Friday, May 09, 2014
HAYDENVILLE — I am a Christian. I pray. I believe in prayer. I regularly go on eight-day silent prayer retreats at a Jesuit monastery. I encourage members of my church to develop a regular prayer practice. I am a big fan of prayer and a big pray-er.
Nevertheless, I strongly oppose the recent decision by the U.S. Supreme Court to allow Christian prayer at the start of local town council and other municipal meetings.
Declaring that a vocal Christian prayer at the start of local council meetings is consistent with long-held national traditions, the Supreme Court ignored the increasing religious pluralism that is now a hallmark of our diverse population. They privileged Christians over the Jews, Muslims, Buddhists, Hindus, Pagans and atheists who might be present at the meeting.
At stake in the decision is the Constitution’s mandate for a separation of church and state. The court was divided in its 5-4 decision and arguments on both sides were fierce and combative. Writing for the majority, Justice Anthony Kennedy said that vocal prayer in civil settings is a part of the national fabric in this country, that a brief opening prayer is ceremonial in nature and that such a prayer serves to signal the solemnity of the occasion. Hence, he argued, the constitutional mandate was not violated.
But other justices found that unconvincing. In her dissenting opinion, Justice Elena Kagan said that a prayer used to open a town board meeting could not be reconciled “with the First Amendment’s promise that every citizen, irrespective of her religion, owns an equal share in her government.”
According to the New York Times, Justice Kennedy said tradition starting with the first U.S. Congress supported the constitutionality of ceremonial prayers at the start of legislative sessions. Legislative prayer, he said, is “a practice that was accepted by the framers and has withstood the critical scrutiny of time and political change.”
But Justice Kagan objected to that assertion, saying that some members of the founding generation — including such notables as George Washington, Thomas Jefferson and James Madison — took pains to keep sectarian language away from public life. She wrote, “The demand for neutrality among religions is not a product of 21st century ‘political correctness’ but of the 18th century view.”
For me, the court’s decision represents both a violation of the Constitution and the privileging of Christianity over other belief systems at public events. I recognize that Christians have a long and troubled history of excluding and harming members of other religious groups. I think Christians need to ask for forgiveness from the many other people of faith we have ignored, wounded, silenced, injured, or otherwise hurt.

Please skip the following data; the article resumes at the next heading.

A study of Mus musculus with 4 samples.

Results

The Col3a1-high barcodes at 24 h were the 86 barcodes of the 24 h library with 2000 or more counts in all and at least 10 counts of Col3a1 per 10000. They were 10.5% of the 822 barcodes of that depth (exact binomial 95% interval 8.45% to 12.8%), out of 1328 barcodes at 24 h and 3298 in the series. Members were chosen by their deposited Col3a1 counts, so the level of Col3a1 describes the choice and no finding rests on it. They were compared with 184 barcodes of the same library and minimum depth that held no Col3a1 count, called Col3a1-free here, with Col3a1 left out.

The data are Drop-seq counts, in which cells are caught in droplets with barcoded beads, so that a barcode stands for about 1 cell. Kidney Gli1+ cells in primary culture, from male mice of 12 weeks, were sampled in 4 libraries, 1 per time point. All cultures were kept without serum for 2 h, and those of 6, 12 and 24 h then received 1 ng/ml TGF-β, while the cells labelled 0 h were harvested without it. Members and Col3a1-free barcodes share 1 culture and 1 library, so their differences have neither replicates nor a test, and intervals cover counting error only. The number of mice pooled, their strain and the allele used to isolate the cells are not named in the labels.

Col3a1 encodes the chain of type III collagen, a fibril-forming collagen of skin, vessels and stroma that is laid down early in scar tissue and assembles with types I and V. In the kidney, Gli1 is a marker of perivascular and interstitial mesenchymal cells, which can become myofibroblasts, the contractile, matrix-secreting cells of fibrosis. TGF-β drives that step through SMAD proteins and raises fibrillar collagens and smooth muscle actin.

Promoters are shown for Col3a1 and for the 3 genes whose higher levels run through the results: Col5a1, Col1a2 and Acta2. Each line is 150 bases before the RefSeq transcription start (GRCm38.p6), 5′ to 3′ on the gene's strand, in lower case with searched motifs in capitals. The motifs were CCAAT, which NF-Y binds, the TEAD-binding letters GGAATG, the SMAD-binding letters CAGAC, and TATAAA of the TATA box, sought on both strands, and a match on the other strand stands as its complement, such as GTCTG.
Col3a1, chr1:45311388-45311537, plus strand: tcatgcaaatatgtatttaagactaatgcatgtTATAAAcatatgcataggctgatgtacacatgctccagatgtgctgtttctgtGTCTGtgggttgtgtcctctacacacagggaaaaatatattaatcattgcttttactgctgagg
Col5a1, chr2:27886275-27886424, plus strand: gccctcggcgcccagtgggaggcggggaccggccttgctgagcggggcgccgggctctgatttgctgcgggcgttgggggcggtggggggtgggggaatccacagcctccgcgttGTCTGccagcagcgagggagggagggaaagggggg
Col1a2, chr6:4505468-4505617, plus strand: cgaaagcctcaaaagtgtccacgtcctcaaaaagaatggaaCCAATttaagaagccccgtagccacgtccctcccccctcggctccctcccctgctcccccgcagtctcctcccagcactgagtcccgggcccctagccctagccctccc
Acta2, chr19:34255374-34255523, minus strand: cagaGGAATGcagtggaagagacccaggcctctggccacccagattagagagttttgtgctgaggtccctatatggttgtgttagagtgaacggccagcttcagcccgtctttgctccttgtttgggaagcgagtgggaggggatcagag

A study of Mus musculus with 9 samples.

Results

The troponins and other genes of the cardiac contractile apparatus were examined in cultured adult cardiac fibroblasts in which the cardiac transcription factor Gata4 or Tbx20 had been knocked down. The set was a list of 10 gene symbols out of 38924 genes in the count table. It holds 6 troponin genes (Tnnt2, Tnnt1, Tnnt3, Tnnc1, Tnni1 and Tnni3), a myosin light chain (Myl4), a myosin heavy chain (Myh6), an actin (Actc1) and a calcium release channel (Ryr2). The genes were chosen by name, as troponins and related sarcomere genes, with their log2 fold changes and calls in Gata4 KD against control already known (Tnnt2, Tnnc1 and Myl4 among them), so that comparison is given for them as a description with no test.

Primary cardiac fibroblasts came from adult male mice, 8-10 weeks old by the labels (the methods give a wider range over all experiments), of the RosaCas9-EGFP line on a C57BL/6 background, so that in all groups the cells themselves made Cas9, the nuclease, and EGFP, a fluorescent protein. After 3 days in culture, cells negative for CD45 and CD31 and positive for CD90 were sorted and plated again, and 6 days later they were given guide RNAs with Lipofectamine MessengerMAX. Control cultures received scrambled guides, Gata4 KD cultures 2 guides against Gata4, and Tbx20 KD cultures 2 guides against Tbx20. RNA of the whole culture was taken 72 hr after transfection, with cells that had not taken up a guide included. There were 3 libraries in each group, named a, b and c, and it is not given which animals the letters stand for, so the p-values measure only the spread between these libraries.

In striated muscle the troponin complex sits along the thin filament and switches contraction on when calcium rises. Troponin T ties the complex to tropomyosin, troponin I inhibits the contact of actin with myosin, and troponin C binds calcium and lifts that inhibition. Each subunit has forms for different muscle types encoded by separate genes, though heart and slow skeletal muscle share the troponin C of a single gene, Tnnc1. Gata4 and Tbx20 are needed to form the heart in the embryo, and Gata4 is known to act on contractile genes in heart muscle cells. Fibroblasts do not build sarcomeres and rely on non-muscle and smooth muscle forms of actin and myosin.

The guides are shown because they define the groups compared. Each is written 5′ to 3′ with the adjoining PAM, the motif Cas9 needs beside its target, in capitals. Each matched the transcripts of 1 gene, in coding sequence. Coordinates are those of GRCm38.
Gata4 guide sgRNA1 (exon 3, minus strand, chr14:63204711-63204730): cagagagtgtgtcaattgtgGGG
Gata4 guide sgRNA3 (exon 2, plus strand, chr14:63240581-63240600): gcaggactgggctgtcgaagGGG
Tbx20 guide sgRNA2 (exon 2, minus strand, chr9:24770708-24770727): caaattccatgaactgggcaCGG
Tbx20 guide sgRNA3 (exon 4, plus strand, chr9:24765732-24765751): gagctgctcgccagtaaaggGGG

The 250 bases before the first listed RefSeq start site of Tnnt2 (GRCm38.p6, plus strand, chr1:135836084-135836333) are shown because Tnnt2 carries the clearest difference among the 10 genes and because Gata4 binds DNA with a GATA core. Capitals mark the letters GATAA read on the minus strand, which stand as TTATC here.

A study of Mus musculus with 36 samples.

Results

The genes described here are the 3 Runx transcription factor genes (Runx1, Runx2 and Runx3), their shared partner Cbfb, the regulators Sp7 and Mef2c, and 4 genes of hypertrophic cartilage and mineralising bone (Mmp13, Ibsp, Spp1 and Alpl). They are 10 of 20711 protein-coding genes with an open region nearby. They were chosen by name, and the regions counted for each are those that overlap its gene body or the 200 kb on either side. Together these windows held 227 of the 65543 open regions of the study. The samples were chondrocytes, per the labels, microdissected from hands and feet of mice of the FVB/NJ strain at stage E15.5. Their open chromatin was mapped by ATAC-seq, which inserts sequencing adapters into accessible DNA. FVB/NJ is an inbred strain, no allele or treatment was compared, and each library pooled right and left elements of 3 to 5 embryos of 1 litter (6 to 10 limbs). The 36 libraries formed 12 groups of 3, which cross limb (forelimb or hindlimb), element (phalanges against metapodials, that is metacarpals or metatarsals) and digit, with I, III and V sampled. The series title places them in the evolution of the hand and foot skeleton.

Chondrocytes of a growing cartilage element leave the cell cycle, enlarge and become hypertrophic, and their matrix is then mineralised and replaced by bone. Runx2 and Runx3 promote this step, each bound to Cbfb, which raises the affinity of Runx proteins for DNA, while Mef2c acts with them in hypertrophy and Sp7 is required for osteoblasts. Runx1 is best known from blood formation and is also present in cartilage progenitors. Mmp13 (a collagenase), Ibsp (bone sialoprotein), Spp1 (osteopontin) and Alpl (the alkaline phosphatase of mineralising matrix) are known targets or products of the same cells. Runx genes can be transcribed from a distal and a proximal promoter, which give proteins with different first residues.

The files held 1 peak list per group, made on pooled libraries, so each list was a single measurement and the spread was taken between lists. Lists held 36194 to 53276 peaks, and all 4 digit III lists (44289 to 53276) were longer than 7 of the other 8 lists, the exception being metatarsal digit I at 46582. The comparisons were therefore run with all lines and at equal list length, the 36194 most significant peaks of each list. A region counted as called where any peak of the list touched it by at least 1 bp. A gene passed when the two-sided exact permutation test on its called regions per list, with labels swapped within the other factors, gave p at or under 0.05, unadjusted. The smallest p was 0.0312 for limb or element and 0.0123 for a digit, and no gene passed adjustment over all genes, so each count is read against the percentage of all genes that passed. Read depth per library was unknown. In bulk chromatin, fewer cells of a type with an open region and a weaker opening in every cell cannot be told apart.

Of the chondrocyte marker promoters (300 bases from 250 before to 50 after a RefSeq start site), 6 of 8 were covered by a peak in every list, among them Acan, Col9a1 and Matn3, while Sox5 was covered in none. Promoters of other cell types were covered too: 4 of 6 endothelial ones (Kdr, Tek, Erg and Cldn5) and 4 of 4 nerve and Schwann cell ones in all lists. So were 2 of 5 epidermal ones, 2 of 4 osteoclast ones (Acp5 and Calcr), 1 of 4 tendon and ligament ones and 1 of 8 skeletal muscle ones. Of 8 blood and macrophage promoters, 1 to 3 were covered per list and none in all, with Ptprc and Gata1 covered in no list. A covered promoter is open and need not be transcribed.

Our work now is to open our arms to and affirm other religious practices and beliefs in a religiously diverse world. The last thing Christians need to do is impose our traditions on others in public settings.
Over the last 15 years, I have been asked to open many public gatherings “with a prayer or some religious reflection,” as it is often said. Over the years I have always, without fail, referred to the “Holy One, known to us by so many different names and revealed to us in so many different ways.”
Although I have tried to be wildly inclusive and never referred to Jesus or God, I have received feedback from participants that however phrased, it is uncomfortable for some folks to begin the proceedings with prayer.
So now, more often than not, I simply invite people to settle into a time of shared silence — to grow quiet and contemplative together, whatever that means for each individual present. Should some people choose to pray during the silence, that is their business; if some other people think about what they will have for dinner or remind themselves to fill the tank with gas on the way home, that is also their business.
What upsets me about the Supreme Court’s decision is that it denies the beautiful tapestry we are creating in a country that is increasingly multi-faith. The Supreme Court decision is dangerous because it will, once again, make faiths other than Christianity invisible and powerless.
Christian prayer is a good thing — in settings that are clearly and explicitly Christian. Otherwise, Christian prayer can be unwelcome at best and oppressive at worst. As a Christian pastor, I want to honor my sisters and brothers of all faiths, and not impose my beliefs, language, practices, or prayers on them in any setting in any way.
Too bad the Supreme Court did not share this view, and uphold the religious freedom this country was founded upon and is embedded in the Constitution.
The Rev. Andrea Ayvazian, pastor of the Haydenville Congregational Church, writes a monthly column on faith, culture and politics. She can be reached at email@example.com.